IDEAS home Printed from https://ideas.repec.org/p/pra/mprapa/43822.html
   My bibliography  Save this paper

Joint Adoption of Safer Irrigation Technologies under Uncertainty: Evidence from Ghana

Author

Listed:
  • Owusu, Victor
  • Abdulai, Awudu

Abstract

This paper examines joint adoption of safer irrigation technologies under uncertainty. The new irrigation technologies introduced in sub-Saharan Africa aim at ensuring safer vegetable production when untreated wastewater is used as irrigation water. The main hypothesis tested is that profit and health-related uncertainties influence adoption of safer irrigation technologies. The study employed a cross-sectional data on urban and periurban vegetable farmers in Kumasi of Ghana and examines theoretically and empirically, these possible technology adoption uncertainties, and other relevant factors which influence farmers’ adoption decisions. The empirical results indicate that apart from household and farm characteristics, profit and health-related uncertainties influence adoption of irrigation technologies for safer vegetable production.

Suggested Citation

  • Owusu, Victor & Abdulai, Awudu, 2009. "Joint Adoption of Safer Irrigation Technologies under Uncertainty: Evidence from Ghana," MPRA Paper 43822, University Library of Munich, Germany.
  • Handle: RePEc:pra:mprapa:43822
    as

    Download full text from publisher

    File URL: https://mpra.ub.uni-muenchen.de/43822/1/MPRA_paper_43822.pdf
    File Function: original version
    Download Restriction: no

    References listed on IDEAS

    as
    1. Seo, S. Niggol & Mendelsohn, Robert, 2008. "An analysis of crop choice: Adapting to climate change in South American farms," Ecological Economics, Elsevier, vol. 67(1), pages 109-116, August.
    2. Donna Brennan, 2007. "Policy interventions to promote the adoption of water saving sprinkler systems: the case of lettuce on the Gnangara Mound," Australian Journal of Agricultural and Resource Economics, Australian Agricultural and Resource Economics Society, vol. 51(3), pages 323-341, September.
    3. Train,Kenneth E., 2009. "Discrete Choice Methods with Simulation," Cambridge Books, Cambridge University Press, number 9780521747387, April.
    4. Georgina Moreno & David L. Sunding, 2005. "Joint Estimation of Technology Adoption and Land Allocation with Implications for the Design of Conservation Policy," American Journal of Agricultural Economics, Agricultural and Applied Economics Association, vol. 87(4), pages 1009-1019.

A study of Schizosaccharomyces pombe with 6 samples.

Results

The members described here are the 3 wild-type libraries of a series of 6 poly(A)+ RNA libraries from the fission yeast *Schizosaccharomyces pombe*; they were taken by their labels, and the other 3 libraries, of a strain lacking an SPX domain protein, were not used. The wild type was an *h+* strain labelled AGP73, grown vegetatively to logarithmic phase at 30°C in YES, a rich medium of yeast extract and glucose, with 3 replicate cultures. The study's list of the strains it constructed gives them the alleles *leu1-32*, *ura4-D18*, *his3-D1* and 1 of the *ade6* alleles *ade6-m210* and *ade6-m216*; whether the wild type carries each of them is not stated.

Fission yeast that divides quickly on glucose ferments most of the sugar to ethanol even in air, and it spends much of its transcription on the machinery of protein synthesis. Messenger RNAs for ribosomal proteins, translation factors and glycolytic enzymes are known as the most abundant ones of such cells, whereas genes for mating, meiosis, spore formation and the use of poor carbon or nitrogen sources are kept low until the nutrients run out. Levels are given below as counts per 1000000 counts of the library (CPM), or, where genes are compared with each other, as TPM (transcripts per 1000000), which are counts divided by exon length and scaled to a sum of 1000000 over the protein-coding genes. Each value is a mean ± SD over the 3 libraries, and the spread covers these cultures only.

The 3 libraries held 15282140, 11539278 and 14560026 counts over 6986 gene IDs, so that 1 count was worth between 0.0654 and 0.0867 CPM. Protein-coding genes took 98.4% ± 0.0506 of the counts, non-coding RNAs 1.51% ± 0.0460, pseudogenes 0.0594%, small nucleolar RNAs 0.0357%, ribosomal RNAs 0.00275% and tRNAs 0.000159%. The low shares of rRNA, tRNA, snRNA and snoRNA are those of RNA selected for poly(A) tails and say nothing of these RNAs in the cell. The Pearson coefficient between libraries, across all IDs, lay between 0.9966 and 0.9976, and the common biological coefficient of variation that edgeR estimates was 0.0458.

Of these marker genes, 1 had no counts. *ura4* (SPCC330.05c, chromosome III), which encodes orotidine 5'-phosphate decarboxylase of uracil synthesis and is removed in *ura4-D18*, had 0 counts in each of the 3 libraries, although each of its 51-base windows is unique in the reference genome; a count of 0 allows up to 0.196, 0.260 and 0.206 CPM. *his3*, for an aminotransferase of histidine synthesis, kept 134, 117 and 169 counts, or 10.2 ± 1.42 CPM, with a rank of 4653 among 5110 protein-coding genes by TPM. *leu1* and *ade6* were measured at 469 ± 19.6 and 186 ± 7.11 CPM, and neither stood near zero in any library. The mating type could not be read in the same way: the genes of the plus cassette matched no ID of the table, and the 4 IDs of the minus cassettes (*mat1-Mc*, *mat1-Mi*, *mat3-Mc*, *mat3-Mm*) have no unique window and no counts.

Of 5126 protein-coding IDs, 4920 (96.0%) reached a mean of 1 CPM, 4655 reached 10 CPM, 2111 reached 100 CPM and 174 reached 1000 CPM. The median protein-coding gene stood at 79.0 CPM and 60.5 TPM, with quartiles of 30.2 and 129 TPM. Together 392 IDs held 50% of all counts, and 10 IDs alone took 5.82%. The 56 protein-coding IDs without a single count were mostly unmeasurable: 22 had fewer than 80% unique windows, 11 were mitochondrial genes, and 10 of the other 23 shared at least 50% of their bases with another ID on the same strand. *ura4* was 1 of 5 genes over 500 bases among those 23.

5. Geweke, John F. & Keane, Michael P. & Runkle, David E., 1997. "Statistical inference in the multinomial multiperiod probit model," Journal of Econometrics, Elsevier, vol. 80(1), pages 125-165, September.
    6. Phoebe Koundouri & Céline Nauges & Vangelis Tzouvelekas, 2006. "Technology Adoption under Production Uncertainty: Theory and Application to Irrigation Technology," American Journal of Agricultural Economics, Agricultural and Applied Economics Association, vol. 88(3), pages 657-670.
    7. Janis M. Carey & David Zilberman, 2002. "A Model of Investment under Uncertainty: Modern Irrigation Technology and Emerging Markets in Water," American Journal of Agricultural Economics, Agricultural and Applied Economics Association, vol. 84(1), pages 171-183.
    8. Awudu Abdulai & Pierre Monnin & Jacques Gerber, 2008. "Joint estimation of information acquisition and adoption of new technologies under uncertainty," Journal of International Development, John Wiley & Sons, Ltd., vol. 20(4), pages 437-451.
    Full references (including those not matched with items on IDEAS)

    More about this item

    Keywords

    Adoption; Ghana; Safer Irrigation; Uncertainty; Vegetable Production;

    JEL classification:

    • Q15 - Agricultural and Natural Resource Economics; Environmental and Ecological Economics - - Agriculture - - - Land Ownership and Tenure; Land Reform; Land Use; Irrigation; Agriculture and Environment
    • O13 - Economic Development, Innovation, Technological Change, and Growth - - Economic Development - - - Agriculture; Natural Resources; Environment; Other Primary Products
    • C25 - Mathematical and Quantitative Methods - - Single Equation Models; Single Variables - - - Discrete Regression and Qualitative Choice Models; Discrete Regressors; Proportions; Probabilities

    Statistics

    Access and download statistics

    Corrections

    All material on this site has been provided by the respective publishers and authors. You can help correct errors and omissions. When requesting a correction, please mention this item's handle: RePEc:pra:mprapa:43822. See general information about how to correct material in RePEc.

    For technical questions regarding this item, or to correct its authors, title, abstract, bibliographic or download information, contact: (Joachim Winter) or (Rebekah McClure). General contact details of provider: http://edirc.repec.org/data/vfmunde.html .

    If you have authored this item and are not yet registered with RePEc, we encourage you to do it here. This allows to link your profile to this item. It also allows you to accept potential citations to this item that we are uncertain about.

    If CitEc recognized a reference but did not link an item in RePEc to it, you can help with this form .

    If you know of missing items citing this one, you can help us creating those links by adding the relevant references in the same way as above, for each refering item. If you are a registered author of this item, you may also want to check the "citations" tab in your RePEc Author Service profile, as there may be some citations waiting for confirmation.

    Please note that corrections may take a couple of weeks to filter through the various RePEc services.

    IDEAS is a RePEc service hosted by the Research Division of the Federal Reserve Bank of St. Louis . RePEc uses bibliographic data supplied by the respective publishers.